At this time of the year, the pressure to shop, buy and wrap is overwhelming. And so we drag ourselves to the mall, a hopefully one-stop shopping place where any number of stores can accommodate any holiday shopping list. Checking that twice, we schlep up and down until our bags are full and our minds are empty.
And every year, it seems like the list grows longer, the schlep more tedious, and the time deciding on gifts endless. Eventually we sit down, have a holiday drink and thank our lucky stars for the mall, because without this modern market place, we'd be also be driving all over town and screaming.
And it seems that we have been thankful for the mall for a very long time.
Archaeologists from the Museum of Cultural History at the University of Oslo, Norway, recently announced the discovery on the border between Croatia and Bosnia-Herzegovina of a what they speculate is a 2,000-year-old trading post.
This ancient market place belonged to tribal people called Illyrians who hunted, gathered and grew some crops. They were also subjected to repeated attacks by every kind of wild hoard or advanced civilization, and they spent a lot of time fighting among themselves as well. Previously, archaeologists thought of them only as fierce fighters and scary pirates, but it looks like they were also peaceful tradesmen.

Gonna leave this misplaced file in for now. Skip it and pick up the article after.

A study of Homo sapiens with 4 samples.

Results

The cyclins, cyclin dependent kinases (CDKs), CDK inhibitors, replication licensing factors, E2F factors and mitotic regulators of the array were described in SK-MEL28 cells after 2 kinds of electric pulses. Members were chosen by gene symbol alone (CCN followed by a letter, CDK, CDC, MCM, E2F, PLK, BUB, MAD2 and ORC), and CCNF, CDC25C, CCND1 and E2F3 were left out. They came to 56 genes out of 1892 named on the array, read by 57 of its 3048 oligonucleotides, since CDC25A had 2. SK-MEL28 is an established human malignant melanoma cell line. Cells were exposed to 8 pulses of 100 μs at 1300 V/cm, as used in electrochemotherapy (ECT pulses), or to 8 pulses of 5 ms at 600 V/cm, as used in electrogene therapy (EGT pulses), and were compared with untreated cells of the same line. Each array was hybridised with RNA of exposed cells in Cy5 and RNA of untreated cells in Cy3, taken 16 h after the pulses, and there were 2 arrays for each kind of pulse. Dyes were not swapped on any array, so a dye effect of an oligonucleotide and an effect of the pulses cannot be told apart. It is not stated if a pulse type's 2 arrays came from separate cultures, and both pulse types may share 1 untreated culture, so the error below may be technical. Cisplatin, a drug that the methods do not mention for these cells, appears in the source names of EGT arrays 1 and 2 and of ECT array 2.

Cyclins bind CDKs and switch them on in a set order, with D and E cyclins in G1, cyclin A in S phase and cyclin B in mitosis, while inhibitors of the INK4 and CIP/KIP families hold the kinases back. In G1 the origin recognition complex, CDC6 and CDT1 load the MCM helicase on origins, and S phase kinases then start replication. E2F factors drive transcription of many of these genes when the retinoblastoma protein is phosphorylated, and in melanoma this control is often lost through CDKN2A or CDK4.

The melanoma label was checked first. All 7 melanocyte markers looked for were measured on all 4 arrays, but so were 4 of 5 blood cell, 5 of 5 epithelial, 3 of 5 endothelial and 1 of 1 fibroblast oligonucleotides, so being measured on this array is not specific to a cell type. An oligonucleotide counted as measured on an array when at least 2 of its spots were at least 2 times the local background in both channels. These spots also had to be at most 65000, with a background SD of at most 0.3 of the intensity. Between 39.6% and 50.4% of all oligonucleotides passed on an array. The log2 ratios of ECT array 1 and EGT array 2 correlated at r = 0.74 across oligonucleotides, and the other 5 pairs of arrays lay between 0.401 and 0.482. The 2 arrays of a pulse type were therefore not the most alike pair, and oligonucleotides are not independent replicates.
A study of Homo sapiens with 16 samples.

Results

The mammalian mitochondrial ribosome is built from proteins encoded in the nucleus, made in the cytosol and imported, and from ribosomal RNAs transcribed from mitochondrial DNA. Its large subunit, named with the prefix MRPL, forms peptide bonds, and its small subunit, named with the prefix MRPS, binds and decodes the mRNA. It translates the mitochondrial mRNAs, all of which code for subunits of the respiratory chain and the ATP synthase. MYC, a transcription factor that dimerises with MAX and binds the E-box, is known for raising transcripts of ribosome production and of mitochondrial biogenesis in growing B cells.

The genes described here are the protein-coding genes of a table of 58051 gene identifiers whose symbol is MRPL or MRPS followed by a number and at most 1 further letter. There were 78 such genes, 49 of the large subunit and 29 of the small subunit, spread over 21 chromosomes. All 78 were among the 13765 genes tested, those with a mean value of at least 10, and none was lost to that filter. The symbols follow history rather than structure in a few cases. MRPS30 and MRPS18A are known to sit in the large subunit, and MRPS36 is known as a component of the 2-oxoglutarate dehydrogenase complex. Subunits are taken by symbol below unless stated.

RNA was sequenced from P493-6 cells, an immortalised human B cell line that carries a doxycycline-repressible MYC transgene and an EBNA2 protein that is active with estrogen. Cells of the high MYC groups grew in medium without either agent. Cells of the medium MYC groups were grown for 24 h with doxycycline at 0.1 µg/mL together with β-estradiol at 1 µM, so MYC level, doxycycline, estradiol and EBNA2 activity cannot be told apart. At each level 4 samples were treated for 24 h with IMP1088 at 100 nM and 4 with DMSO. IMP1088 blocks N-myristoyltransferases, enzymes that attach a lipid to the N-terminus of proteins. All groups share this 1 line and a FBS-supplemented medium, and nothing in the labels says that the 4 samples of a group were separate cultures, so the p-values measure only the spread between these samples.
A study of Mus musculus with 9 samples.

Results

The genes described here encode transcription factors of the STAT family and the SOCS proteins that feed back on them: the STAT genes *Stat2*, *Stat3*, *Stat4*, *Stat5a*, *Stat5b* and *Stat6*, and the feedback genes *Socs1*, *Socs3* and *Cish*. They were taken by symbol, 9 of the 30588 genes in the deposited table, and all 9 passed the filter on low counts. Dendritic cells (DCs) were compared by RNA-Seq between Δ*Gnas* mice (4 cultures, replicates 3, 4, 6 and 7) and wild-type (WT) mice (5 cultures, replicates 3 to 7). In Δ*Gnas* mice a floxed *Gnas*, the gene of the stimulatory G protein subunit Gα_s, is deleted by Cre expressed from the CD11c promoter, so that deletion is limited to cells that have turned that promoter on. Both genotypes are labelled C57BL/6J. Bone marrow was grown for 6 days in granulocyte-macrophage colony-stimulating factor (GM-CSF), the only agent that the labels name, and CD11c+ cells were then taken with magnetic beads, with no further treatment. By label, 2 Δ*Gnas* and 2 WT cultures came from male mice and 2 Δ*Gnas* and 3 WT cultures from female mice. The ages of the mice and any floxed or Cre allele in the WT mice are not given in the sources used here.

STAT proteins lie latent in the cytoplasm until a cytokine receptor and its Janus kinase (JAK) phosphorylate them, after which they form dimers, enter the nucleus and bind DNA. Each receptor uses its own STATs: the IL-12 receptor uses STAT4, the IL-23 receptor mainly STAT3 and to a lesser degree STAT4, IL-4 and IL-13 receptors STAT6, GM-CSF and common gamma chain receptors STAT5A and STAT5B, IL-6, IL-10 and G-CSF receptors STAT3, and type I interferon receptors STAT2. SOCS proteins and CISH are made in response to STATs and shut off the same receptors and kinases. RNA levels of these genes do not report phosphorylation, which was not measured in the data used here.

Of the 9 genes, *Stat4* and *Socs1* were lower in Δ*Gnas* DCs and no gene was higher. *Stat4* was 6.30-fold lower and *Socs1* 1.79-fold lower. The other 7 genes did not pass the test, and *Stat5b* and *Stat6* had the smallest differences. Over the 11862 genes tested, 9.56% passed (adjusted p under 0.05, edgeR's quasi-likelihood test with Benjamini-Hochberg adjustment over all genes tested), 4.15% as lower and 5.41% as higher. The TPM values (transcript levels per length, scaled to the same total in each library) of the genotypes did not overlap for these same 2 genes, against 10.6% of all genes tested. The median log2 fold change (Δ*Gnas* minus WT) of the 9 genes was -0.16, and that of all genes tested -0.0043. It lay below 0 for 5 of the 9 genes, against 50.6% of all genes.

The archaeologists found evidence of walls at what was the water's edge at that time, and a band of mooring holes suggesting boats pulled right up to unload and offload goods. And what they were unloading was wine. In the wreckage of more than 30 Illyrian boats in the former harbor were the smashed remains of Roman wine pitchers, and their corresponding 700 lids.
One of the great powers, the Romans, kept showing up and trying to conquer the Illyrians, but sometimes all the Romans wanted to do was shop.
But the archaeologists are unclear why the ships were sunk and the wine pitchers in shards. The answer yet to be considered is that the Illyrians, shop keepers by day, might have been party animals when they pulled in their awnings.
After trading Romans wine for goods such as salt, the Illyrians probably drank their profits, went for a sail, smashed the clay wine bottles, and ended up sinking their own ships in drunken tomfoolery.
The preserved lids are, of course, still a mystery. Why break the wine pitchers but not the lids?
One can only imagine the buzzed Illyrians doffing them as party hats or tossing the lids from ship to ship in some ancient game of Frisbee.
We know this all to be a real possibility, because the same kind of post-holiday behavior used to be echoed by modern shopkeepers in our culture before the economy took a nose dive into the current ooze.
also the author of "Our Babies, Ourselves; How Biology and Culture
Shape the Way We Parent" (link) and "The Culture of Our Discontent; Beyond the Medical Model of Mental Illness" (link). Her Human Nature column appears Fridays on LiveScience.